Left or right, it doesn’t matter when budgets are tight

Political campaigns ahead of the November local elections are well underway, but the differences between the parties might not be as sharp as voters are lead to believe

Politicians in local government from are far more likely to co-operate across the aisle during times of economic difficulty according to the local government research institute KORA.

Its study shows that while voters may prefer a left or right-wing party, their preferences may not have the greatest impact following the financial crisis that has forced councils to make cutbacks and savings.

As a result, a council’s political make-up has less impact on decisions than voters may hope.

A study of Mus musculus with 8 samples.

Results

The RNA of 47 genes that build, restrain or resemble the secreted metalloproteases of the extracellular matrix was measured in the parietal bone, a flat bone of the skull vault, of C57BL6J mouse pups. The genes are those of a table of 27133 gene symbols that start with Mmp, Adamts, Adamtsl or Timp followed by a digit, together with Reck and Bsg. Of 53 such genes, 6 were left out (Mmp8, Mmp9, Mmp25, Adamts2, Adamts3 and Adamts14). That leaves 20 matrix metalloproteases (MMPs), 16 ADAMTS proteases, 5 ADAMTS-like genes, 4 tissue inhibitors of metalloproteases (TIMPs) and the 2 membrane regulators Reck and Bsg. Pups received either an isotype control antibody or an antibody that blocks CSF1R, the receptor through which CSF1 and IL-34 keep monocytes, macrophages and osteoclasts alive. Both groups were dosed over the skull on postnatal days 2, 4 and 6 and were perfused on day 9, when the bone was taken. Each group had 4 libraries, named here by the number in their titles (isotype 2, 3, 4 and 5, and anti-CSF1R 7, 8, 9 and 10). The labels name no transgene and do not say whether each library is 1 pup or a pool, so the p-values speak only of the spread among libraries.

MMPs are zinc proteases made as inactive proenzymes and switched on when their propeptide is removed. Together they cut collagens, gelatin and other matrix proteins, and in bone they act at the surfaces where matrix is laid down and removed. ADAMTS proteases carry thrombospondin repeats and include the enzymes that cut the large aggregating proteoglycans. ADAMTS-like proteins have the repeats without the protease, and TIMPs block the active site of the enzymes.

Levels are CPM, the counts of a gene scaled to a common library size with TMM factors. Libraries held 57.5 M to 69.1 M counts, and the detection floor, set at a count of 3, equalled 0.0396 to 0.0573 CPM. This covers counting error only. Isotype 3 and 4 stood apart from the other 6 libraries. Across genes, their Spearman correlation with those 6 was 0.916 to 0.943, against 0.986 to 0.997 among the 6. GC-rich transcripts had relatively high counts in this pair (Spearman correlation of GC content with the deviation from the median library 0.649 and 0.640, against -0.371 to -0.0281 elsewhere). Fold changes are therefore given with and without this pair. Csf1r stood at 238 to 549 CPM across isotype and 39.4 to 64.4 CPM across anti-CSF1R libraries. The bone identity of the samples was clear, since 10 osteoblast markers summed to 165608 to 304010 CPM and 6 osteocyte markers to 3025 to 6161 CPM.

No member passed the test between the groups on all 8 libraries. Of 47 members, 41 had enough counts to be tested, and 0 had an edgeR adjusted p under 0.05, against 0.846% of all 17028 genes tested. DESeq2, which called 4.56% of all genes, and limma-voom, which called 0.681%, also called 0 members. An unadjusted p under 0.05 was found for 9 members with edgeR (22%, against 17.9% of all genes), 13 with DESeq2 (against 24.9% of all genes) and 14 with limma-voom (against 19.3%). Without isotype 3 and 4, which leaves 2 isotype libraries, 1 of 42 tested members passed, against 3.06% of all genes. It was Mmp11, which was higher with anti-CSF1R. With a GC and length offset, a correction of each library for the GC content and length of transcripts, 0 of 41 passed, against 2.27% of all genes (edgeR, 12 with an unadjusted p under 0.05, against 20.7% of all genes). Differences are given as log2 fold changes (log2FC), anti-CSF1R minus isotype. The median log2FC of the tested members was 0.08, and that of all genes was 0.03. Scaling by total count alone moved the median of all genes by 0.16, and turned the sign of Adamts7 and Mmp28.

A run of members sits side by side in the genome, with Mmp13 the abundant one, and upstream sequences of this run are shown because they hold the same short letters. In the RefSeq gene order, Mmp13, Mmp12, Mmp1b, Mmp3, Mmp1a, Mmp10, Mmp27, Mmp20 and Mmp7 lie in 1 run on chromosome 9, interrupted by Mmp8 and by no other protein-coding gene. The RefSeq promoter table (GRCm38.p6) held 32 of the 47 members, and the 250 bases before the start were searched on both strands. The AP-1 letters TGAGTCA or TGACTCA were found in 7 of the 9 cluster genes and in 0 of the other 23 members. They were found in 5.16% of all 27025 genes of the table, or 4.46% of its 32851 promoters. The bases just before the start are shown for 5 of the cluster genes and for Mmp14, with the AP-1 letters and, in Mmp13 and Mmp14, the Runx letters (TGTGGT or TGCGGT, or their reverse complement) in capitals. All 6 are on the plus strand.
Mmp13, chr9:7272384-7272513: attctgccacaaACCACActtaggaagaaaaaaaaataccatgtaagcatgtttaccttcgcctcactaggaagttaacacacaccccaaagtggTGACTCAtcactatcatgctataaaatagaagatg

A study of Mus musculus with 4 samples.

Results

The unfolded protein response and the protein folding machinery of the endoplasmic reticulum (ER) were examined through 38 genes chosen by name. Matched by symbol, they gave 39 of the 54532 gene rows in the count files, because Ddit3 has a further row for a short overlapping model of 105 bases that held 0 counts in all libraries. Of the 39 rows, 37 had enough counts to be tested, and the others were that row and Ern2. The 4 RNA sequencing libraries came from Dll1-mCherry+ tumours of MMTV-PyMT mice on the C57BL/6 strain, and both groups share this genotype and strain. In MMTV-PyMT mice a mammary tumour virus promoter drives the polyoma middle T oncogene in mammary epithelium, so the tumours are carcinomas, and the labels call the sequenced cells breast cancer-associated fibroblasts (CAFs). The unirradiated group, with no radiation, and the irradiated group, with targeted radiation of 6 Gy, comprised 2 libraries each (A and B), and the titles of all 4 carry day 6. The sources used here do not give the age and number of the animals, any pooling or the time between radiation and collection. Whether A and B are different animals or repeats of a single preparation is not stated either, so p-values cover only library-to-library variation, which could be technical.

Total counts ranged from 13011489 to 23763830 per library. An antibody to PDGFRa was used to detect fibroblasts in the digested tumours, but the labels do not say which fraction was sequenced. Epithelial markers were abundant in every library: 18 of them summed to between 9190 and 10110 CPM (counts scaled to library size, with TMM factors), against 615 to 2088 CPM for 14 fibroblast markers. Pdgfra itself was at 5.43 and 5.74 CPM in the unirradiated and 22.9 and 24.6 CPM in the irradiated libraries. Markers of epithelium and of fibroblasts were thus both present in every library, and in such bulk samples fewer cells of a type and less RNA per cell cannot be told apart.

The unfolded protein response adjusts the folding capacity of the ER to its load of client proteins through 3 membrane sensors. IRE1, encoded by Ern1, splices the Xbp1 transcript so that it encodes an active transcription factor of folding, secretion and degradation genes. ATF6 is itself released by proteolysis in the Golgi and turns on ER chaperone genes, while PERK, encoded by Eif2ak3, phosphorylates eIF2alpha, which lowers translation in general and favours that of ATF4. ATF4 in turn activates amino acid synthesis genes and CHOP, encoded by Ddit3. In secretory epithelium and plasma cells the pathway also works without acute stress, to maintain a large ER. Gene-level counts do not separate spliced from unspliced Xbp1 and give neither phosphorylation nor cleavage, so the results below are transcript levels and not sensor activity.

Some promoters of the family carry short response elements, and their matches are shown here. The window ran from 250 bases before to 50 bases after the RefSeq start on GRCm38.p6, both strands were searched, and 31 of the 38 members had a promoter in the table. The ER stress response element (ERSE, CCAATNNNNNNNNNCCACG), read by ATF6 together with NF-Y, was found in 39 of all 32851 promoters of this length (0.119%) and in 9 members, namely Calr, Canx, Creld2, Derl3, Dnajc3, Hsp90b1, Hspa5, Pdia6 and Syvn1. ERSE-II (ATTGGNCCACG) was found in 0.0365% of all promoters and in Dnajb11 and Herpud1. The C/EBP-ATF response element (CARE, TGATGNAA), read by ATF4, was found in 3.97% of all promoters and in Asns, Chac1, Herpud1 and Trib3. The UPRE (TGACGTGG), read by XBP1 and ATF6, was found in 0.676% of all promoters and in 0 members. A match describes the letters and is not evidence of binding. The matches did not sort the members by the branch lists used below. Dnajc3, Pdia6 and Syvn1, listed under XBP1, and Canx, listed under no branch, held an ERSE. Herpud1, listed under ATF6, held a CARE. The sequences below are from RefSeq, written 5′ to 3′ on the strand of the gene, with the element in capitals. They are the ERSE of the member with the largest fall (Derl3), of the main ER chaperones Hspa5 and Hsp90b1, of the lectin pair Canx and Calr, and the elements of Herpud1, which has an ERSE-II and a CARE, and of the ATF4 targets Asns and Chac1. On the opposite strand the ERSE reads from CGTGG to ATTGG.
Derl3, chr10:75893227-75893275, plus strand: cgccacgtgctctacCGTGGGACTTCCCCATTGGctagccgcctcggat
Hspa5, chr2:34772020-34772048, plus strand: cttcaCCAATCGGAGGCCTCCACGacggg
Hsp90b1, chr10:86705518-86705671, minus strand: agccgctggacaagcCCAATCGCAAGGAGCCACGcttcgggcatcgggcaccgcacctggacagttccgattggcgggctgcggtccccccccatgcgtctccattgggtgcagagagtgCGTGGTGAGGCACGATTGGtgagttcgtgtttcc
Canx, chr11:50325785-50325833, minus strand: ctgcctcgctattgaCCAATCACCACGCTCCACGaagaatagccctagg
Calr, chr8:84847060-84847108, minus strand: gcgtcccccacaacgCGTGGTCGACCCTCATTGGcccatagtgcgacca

“It doesn’t matter who plays the role of mayor,” KORA’s head of programme, Kurt Houlberg, told Berlingske newspaper. “Our latest analysis shows that when there are tight finances and councils have to make large savings and efficiencies, council politicians tend to seek more consensus than before.”

He added that the policies that are implemented after an election are dictated by agreements forged by the council rather that than the political interests of the mayor.

And cross-party co-operation has only increased since the last election in 2009, as councils have managed to save around 12 billion kroner in total.

Consensus through austerity
KORA’s findings are supported by Poul Erik Mouritzen, a professor at the University of Southern Denmark, who argues that the threat of government sanctions for exceeding budget limits has incentivised careful economic planning.

“Over the past four years we have witnessed savings by councils that have never before been witnessed,” Mouritzen told Berlingske. “Councils have been incredibly cautious with their finances. They don’t know exactly what will happen during the year so they want space in their budgets."